100 Primary Source: Alan Seeger on World War I (1914; 1916)

The poet Alan Seeger, born in New York and educated at Harvard University, lived among artists and poets in Greenwich Village, New York and Paris, France. When the Great War engulfed Europe, and before the United State entered the fighting, Seeger joined the French Foreign Legion. He would be killed at the Battle of the Somme in 1916. His wartime experiences would anticipate those of his countrymen, a million of whom would be deployed to France. Seeger’s writings were published posthumously. The first selection is excerpted from a letter Seeger wrote to the New York Sun in 1914; the second is from his collection of poems, published in 1916.

This is our fourth period of service in the trenches since coming to the front a month ago. … This style of warfare is extremely modern and for the artillerymen is doubtless very interesting, but for the poor common soldier it is anything but romantic. His role is simply to dig himself a hole in the ground and to keep hidden in it as tightly as possible. Continually under the fire of the opposing batteries, he is yet never allowed to get a glimpse of the enemy. Exposed to all the dangers of war, but with none of its enthusiasms or splendid élan, he is condemned to sit like an animal in its burrow and hear the shells whistle over his head and take their little daily toll from his comrades.

The winter morning dawns with gray skies and the hoar frost on the fields. His feet are numb, his canteen frozen, but he is not allowed to make a fire. The winter night falls, with its prospect of sentry duty and the continual apprehension of the hurried call to arms; he is not even permitted to light a candle, but must fold himself in his blanket and lie down cramped in the dirty straw to sleep as best he may. How different from the popular notion of the evening campfire, the songs and good cheer.

Cramped quarters breed ill temper and disputes. The impossibility of the simplest kind of personal cleanliness makes vermin a universal ill, against which there is no remedy. Cold, dirt, discomfort, are the ever present conditions, and the soldier’s life comes to mean to him simply the test of the most misery that the human organism can support. He longs for an attack, to face the barbed wire and the mitrailleuse, anything for a little freedom and function for body and soul.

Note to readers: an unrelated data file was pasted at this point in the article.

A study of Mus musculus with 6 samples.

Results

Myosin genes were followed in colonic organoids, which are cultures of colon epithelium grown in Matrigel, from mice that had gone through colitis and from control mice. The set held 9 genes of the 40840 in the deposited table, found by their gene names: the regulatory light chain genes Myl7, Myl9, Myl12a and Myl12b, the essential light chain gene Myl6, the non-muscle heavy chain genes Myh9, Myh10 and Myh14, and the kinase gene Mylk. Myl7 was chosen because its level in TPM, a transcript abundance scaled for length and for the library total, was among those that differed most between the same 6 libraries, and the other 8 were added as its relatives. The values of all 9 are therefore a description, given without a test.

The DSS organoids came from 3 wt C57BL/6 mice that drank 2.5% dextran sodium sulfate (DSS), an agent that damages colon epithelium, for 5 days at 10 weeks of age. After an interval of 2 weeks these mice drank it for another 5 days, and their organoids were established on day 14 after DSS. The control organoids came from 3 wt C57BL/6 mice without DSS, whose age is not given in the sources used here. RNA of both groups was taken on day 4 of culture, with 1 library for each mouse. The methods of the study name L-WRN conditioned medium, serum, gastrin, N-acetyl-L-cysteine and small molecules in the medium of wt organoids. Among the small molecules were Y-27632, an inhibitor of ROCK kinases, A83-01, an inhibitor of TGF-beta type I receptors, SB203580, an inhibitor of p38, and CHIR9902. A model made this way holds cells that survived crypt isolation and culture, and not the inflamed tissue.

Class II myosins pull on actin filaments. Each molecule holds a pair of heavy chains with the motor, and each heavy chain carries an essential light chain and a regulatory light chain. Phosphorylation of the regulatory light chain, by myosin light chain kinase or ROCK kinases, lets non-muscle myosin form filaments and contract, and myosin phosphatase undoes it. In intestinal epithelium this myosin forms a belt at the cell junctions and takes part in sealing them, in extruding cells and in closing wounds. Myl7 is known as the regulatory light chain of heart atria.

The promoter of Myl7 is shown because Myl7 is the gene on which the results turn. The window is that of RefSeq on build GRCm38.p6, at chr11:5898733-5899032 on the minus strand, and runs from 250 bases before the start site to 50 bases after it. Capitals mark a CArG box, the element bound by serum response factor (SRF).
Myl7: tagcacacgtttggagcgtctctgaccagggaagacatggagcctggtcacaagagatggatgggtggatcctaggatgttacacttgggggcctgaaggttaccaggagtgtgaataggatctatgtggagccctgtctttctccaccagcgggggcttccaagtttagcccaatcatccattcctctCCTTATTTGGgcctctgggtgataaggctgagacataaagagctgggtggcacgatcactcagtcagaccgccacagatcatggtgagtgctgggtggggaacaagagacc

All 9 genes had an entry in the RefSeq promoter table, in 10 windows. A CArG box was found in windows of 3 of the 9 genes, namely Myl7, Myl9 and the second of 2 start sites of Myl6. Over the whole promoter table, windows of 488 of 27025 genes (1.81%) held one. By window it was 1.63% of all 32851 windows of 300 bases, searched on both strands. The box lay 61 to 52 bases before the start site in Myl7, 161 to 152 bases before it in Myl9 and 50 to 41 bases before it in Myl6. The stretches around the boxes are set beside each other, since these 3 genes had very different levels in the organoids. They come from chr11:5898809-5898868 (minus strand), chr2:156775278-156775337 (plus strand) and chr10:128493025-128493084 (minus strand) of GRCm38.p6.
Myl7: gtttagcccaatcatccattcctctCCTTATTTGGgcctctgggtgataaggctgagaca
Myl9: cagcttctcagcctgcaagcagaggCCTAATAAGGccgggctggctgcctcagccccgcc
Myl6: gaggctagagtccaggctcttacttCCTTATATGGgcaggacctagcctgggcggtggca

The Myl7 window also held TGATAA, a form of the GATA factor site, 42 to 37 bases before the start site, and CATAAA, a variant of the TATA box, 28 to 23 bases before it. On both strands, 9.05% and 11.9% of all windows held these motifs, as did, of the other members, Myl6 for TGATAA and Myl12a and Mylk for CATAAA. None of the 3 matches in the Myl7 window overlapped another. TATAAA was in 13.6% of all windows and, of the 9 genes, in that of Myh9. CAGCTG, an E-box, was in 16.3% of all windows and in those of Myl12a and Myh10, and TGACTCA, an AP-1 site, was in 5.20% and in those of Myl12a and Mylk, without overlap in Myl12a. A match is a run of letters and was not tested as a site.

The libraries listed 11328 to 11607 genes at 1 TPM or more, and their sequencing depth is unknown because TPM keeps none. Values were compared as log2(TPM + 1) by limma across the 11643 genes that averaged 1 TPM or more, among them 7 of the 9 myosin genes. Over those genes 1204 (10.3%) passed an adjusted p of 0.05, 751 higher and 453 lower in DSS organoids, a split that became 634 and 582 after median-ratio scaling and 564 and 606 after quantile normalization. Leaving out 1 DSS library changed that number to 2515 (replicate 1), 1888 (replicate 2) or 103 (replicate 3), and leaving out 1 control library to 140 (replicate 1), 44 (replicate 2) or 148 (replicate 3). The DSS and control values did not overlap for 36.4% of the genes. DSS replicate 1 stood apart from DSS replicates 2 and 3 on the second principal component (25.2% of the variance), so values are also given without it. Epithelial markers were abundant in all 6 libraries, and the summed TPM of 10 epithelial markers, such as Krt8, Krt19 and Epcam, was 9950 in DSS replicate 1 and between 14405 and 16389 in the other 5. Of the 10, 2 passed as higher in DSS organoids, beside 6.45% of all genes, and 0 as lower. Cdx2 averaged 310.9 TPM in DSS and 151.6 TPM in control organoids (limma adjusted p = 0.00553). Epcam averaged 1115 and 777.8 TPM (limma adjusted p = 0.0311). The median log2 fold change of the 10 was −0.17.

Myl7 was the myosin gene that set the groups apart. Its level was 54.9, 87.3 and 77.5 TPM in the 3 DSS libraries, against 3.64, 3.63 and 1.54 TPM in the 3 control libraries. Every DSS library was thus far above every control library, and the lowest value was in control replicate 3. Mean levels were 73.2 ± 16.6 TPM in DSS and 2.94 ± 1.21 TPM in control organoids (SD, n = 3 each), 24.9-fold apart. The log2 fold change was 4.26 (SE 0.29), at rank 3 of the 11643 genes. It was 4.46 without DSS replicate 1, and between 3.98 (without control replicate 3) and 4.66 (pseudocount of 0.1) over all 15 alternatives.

My comrade in arms is a young Servian, who went through all the Balkan campaign until the war broke out with the Bulgarians. Then he deserted at Salonica, for he was unwilling to fight against his brother people …. [T]he present method of fighting is almost insupportable to him, and he frets pitiably under the forced inaction … It is ignoble, this style of warfare, he exclaims. Instead of bringing out all that is noble in a man it brings out only his worse self—meanness and greed and ill temper. We are not, in fact, leading the life of men at all, but that of animals, living in holes in the ground and only showing our heads outside to fight and to feed.

“I Have a Rendezvous with Death”

I have a rendezvous with Death
At some disputed barricade,
When Spring comes back with rustling shade
And apple-blossoms fill the air—
I have a rendezvous with Death
When Spring brings back blue days and fair.

It may be he shall take my hand
And lead me into his dark land
And close my eyes and quench my breath—
It may be I shall pass him still.
I have a rendezvous with Death
On some scarred slope of battered hill,
When Spring comes round again this year
And the first meadow-flowers appear.

God knows ’twere better to be deep
Pillowed in silk and scented down,
Where love throbs out in blissful sleep,
Pulse nigh to pulse, and breath to breath,
Where hushed awakenings are dear…
But I’ve a rendezvous with Death
At midnight in some flaming town,
When Spring trips north again this year,
And I to my pledged word am true,
I shall not fail that rendezvous.

Source: Alan Seeger, Letters and Diary of Alan Seeger (New York: Scribner’s, 1917), 26, 29-30; Alan Seeger, “I Have a Rendezvous with Death,” Poems (New York: Scribner’s, 1916), 144.